International licensing agreements make more sense now than ever.
As the demand for skateboard products continues to grow internationally, companies are seeking additional legitimate channels for their goods. Licensing agreements are one tool brands have used to meet the demand.
A licensing agreement is a contract between the owner of a trademarked brand, the licensor, and a third party, the licensee. There are many factors in an agreement that need to be addressed in order for both parties to benefit from it. Generally, the licensor controls most aspects of the brand’s image–marketing and promotion–while the licensee handles production and distribution. In the skateboard industry, most licensing agreements are limited to apparel, which many companies find too complex and problematic to efficiently produce.
A few years ago Zoo York found itself at a financial crossroads and ventured down the licensing pathway. At the time, Zoo was a very small operation comprised of a couple employees plus the principal partners, so a domestic licensing agreement made sense. They felt if they could find the right partner with experience and resources, Zoo would be able to evolve into a legitimate apparel brand. Although Zoo York’s licensing agreement came to an end because of internal problems at the partner company, they feel that licensing the brand gave them enough exposure and momentum to handle apparel production on their own. “It was a way to grow the brand faster and with more authority than we would’ve been able to internally,” says Zoo York partner Adam Schatz. “We had the benefit of having a very good relationship with them, and having them really focus on us.”
On the surface, a licensing agreement appears to be an easy way to get paid, but it can require more work than first anticipated. Schatz felt a need to constantly police Zoo York’s licensee on a number of fronts, including execution of designs and opening distribution channels. “Trust is really of paramount importance,” says Schatz. “And not just trusting the people, but trusting the interpretation of your presentation as close to accurate as it can be.”
Rookie Skateboards is another New York company that considered a licensing agreement, but after eight months of negotiations, Rookie pulled the plug on the deal for numerous reasons and moved forward without a licensee. “The biggest deal breaker for us was that we wanted a certain promotional and advertising budget from them,” says Lyons. “We wanted a certain amount of goods we could give our team, give away at contests, and wear ourselves so we wouldn’t have to buy them.”
Although Rookie closed talks on the agreement, they’re not adverse to the idea of signing a licensing agreement. “We’re talking about licensing in Australia, Japan, and in other international markets,” says Lyons. “I think it’s more ideal to have several different licensing things going on where you’re not putting all your eggs in one company, and you’re not letting one company take it.”
Osiris recently signed a licensing agreement with its German distributor, Rough Distribution, to produce apparel for the European market. With the dollar’s strength pricing U.S. goods farther out of most European consumers’ reach, Osiris’ deal with Rough helps reign in production costs and import tariffs. “The whole thing fits well into our overall goal of making Osiris a quality brand that has worldwide recognition,” says Osiris President Tony Magnusson. “If you want to build a worldwide brand, I don’t think certain types of licensing work that well because your effort is not unified, and I think that’s especially important now that the world is a smaller place.”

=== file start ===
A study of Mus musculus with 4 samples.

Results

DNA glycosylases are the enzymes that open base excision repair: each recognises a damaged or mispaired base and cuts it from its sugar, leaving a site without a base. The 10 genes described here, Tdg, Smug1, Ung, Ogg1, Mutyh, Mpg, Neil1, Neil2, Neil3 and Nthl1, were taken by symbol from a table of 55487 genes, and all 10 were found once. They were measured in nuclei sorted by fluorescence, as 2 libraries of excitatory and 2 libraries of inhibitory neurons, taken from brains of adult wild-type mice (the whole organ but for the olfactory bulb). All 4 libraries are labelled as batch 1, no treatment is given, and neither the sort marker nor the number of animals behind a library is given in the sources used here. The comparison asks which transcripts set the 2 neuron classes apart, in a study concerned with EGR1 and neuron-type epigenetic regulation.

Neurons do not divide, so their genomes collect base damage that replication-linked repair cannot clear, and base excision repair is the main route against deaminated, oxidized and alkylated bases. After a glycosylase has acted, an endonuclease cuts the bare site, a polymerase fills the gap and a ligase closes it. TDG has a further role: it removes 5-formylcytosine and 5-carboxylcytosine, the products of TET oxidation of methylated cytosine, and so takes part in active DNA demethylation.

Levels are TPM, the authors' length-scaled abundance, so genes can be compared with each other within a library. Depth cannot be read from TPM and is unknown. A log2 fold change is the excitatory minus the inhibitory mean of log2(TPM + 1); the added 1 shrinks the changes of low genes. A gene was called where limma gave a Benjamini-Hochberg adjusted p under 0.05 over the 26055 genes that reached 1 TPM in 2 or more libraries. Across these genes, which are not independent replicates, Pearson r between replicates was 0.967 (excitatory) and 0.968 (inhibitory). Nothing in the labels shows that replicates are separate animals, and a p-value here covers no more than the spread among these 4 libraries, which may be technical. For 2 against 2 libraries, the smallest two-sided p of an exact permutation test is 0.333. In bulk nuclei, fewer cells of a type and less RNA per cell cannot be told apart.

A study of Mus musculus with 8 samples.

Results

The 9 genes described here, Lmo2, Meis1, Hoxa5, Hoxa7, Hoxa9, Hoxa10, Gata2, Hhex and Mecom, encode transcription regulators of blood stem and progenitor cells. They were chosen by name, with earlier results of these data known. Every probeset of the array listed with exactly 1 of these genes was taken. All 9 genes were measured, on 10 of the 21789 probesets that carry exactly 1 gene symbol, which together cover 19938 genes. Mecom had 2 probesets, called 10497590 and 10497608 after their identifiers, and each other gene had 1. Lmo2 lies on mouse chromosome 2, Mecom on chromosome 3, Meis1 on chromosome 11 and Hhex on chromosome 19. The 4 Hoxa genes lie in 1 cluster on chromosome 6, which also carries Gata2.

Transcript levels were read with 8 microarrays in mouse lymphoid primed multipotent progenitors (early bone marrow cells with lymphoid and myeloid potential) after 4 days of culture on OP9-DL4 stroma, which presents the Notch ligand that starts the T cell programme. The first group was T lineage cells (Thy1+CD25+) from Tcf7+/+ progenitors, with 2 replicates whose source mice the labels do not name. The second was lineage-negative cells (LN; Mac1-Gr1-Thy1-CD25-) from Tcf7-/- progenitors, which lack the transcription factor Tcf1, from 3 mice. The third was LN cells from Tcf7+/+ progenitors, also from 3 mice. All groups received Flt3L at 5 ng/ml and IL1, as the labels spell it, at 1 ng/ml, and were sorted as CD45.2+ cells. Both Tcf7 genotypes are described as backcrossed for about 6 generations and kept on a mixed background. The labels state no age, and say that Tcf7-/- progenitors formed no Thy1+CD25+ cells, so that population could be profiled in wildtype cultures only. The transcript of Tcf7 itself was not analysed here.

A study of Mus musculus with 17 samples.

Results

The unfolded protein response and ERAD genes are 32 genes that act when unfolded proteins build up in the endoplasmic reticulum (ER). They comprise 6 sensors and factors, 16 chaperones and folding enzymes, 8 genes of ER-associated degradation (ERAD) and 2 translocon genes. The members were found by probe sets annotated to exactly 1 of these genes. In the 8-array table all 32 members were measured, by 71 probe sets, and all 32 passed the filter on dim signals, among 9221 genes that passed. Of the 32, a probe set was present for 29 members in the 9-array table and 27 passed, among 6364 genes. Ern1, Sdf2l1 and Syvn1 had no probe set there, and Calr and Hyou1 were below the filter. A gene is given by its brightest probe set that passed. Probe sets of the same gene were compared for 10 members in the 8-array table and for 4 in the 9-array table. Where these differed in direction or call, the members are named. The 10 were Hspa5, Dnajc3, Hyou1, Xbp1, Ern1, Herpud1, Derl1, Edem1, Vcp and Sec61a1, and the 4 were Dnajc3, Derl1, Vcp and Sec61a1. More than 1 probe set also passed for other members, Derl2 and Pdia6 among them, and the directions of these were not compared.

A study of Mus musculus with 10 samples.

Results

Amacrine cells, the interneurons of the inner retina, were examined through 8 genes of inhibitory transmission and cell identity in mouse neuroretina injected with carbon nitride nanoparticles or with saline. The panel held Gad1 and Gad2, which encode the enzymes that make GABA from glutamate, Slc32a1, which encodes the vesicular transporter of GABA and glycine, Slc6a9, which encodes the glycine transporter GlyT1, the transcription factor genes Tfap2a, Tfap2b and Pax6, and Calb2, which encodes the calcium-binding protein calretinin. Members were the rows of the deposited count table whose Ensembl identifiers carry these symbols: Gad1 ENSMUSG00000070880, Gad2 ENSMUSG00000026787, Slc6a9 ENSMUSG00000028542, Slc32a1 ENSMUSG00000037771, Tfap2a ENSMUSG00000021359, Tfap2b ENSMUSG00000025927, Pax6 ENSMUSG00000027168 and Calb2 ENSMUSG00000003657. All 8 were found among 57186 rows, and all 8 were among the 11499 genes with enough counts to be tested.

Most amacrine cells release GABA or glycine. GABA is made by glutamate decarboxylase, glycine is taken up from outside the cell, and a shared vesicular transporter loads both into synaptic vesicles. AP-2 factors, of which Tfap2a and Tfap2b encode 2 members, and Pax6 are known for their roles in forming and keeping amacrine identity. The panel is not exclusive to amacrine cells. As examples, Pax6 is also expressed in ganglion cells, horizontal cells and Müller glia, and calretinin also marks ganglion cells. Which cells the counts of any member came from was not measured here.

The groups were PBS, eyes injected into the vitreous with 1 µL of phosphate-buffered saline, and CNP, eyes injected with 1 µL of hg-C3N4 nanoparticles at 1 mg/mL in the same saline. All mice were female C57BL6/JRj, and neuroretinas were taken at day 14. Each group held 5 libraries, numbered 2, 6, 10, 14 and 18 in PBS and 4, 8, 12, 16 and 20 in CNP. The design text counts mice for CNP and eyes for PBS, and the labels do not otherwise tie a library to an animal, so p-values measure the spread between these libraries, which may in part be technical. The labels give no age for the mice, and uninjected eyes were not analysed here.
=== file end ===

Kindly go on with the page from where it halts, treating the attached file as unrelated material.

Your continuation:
According to the agreement, Rough Distribution is obligated to produce a majority of Osiris’ apparel line for the European market and pay a minimum licensing fee to Osiris regardless of the volume of product sold.
The royaalties that licenses earn are far less than normal apparel margins. “The biggest problem I’ve faced was the idea of making seven percent on the sale of this good, as opposed to our normal margin,” says Magnusson. After a little calculating, though, he realized Rough could increase the volume to make up for the lesser margin, top-quality apparel would reach the consumer at an affordable price, and Osiris wouldn’t have to fund or facilitate production.
Zoo York, Rookie, and Osiris share the same concerns. Licensing apparel–or any product line–can jeopardize a brand’s reputation if the licensor relinquishes too much control, or if the licensee fails to observe the limitations of the agreement. When policing the terms of a licensing agreement demand more time and effort than managing production and distribution oneself, it’s time to either find a more suitable licensee, or just bring production in-house.
Control over distribution channels is another concern. Because Rough Distribution is already a skateboard-product distributor, Osiris doesn’t have to worry about their apparel appearing in strange mainstream stores that would jeopardize their image. But Zoo York, on the other hand, had to monitor their licensee consistently, approving the new accounts and trying to keep the distribution as focused as possible. This is a major issue because the licensee’s goal is often to broaden the distribution as widely as possible in order to maximize their profits.
A license agreement isn’t exactly free money, but it’s one way to increase revenue and exposure of your brand–particularly in international markets where licenses have a better sense of local trends. “It’s finding the right relationship with a company and feeling confident with what they’re doing,” says Rookie partner Catherine Lyons. “And also feeling that they understand what you’re trying to do.”